I'm reading an amazing book at the moment: Velocity by a couple of young whipper snappers - Ajaz Ahmed and Stefan Olander.
It's subtitled The seven new laws for a world gone digital. Don't let that put you off; the seven, the new and digital are tags to get you hooked.
I'm not sure where the idea that seven was the desired standard for these things. I'm pretty sure the seven deadly sins came before the dwarves but I'm a little hazy on these things.
Whatever, everybody's at it these days. I mentioned in my last posting that I'd finished reading Deepak Chopra's The 7 Spiritual Laws of Superheroes and of course there are Seven:11's; seven days in a week; seven notes on a musical scale; seven wonders of the world; the Buddha first walked seven steps; the magnificent seven; highly effective people have seven habits according to Stephen Covey; and, of course, there is that enigma wrapped in a riddle that is Seven Sharp.
But I digress.
Velocity is written by two whizz kids. Ajaz Ahmed founded AKQA (https://www.akqa.com/). Have a look if you get a chance - their business is future innovation so it's interesting to see what their website looks like - big on graphics, high on mystery.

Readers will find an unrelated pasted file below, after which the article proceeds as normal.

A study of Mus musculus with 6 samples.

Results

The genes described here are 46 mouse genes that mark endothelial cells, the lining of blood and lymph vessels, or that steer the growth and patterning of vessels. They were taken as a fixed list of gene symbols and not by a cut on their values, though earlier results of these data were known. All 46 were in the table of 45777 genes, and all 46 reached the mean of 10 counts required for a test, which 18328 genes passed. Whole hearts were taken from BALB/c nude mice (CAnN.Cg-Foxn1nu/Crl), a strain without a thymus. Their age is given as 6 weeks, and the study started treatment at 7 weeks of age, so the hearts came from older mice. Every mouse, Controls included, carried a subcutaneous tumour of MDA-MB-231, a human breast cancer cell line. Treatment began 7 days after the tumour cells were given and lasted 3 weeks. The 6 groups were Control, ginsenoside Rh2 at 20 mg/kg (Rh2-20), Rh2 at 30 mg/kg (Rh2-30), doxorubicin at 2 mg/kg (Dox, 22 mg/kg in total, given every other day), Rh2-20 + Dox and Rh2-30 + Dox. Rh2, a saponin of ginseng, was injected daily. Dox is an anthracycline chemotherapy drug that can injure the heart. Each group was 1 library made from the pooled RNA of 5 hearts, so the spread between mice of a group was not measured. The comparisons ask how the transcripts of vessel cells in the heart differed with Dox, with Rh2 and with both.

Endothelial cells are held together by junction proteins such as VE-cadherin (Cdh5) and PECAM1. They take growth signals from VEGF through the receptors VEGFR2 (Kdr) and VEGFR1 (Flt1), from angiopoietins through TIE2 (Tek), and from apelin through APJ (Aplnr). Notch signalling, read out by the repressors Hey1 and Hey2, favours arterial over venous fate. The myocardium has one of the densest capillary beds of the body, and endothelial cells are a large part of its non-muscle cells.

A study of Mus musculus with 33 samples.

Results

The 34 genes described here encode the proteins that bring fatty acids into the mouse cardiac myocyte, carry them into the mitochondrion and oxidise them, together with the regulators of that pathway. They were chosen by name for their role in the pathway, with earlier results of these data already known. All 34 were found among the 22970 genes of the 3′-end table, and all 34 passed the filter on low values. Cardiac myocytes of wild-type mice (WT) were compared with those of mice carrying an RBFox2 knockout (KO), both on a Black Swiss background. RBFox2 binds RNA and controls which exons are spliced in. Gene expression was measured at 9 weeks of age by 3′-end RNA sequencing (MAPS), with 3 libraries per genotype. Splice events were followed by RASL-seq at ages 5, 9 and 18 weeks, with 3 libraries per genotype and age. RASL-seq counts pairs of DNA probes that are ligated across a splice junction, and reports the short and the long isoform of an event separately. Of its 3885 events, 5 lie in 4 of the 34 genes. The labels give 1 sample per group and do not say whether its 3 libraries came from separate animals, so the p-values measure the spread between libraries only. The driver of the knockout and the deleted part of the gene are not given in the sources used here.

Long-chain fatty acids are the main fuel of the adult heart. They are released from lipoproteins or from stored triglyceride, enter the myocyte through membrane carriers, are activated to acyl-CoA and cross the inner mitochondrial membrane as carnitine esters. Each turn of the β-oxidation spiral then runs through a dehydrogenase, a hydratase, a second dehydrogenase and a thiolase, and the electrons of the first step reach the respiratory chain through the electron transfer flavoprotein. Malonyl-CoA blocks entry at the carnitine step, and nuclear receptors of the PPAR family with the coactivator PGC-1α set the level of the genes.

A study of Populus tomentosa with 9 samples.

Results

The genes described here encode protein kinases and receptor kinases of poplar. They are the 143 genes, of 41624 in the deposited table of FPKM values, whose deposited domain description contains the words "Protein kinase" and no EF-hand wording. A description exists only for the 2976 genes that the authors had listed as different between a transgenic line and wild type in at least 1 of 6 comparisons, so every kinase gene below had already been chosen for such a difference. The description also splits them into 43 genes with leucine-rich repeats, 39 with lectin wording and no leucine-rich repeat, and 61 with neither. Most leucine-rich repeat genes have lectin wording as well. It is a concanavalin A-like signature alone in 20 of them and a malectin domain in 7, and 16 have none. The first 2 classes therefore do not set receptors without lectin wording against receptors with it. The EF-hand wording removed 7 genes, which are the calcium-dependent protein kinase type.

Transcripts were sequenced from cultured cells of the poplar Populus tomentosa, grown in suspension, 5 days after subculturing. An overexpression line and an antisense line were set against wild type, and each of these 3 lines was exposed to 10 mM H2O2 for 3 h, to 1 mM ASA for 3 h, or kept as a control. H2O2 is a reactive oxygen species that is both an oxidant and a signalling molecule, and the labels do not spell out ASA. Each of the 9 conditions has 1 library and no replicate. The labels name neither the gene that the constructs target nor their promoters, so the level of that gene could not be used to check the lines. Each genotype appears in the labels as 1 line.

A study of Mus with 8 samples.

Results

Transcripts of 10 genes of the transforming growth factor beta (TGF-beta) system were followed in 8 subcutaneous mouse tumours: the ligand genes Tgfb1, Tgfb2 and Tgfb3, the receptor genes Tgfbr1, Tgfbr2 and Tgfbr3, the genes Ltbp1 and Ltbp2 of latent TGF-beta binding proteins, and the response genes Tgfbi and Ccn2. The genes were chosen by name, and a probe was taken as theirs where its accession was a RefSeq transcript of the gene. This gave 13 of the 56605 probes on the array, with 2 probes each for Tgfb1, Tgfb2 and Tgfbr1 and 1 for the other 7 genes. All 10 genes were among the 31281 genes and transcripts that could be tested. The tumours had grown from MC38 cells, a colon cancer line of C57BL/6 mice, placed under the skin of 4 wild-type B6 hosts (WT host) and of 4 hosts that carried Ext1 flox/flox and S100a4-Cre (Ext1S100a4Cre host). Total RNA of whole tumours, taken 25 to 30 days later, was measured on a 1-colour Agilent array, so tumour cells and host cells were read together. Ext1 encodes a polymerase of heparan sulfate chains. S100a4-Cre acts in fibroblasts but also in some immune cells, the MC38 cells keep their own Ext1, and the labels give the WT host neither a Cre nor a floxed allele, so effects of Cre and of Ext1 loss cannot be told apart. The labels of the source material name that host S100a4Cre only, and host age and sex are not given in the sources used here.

Stefan Olander has one of those what-the-hell-does-that-actually-mean job titles at Nike - Vice president of digital sport.
Together they talk about stuff in Velocity and it's terrific.
Lesson one/Law One (in a chapter called a Smith and Weston beats four aces) - trying to protect what you've already got is a mistake.
They obviously mean in a business context but I think this applies to other things like schools. School's have a brand association whether they like it or not.
I was filling up the car's petrol t'other day and the shop lady knows I teach at Woodford House. She was chatting about schools in general. When I asked her where she went to school she said 'Colenso College', followed by it was good then but it's not now.
And right there the brand suffered. Who knows the truth. Anyone coming in contact with this lady is going to get one version only.
Schools go through ups and downs. Public perception is fickle. Schools want to protect their brand if it's a good one but Ahmed/Olander say that's a mistake. Innovation/ continual improvement is a must.
I'm lucky to be at Woodford House. We are currently involved in some potentially major change to the brand but we appear to be quite fearless about it right now. Fantastic!! Long may that continue.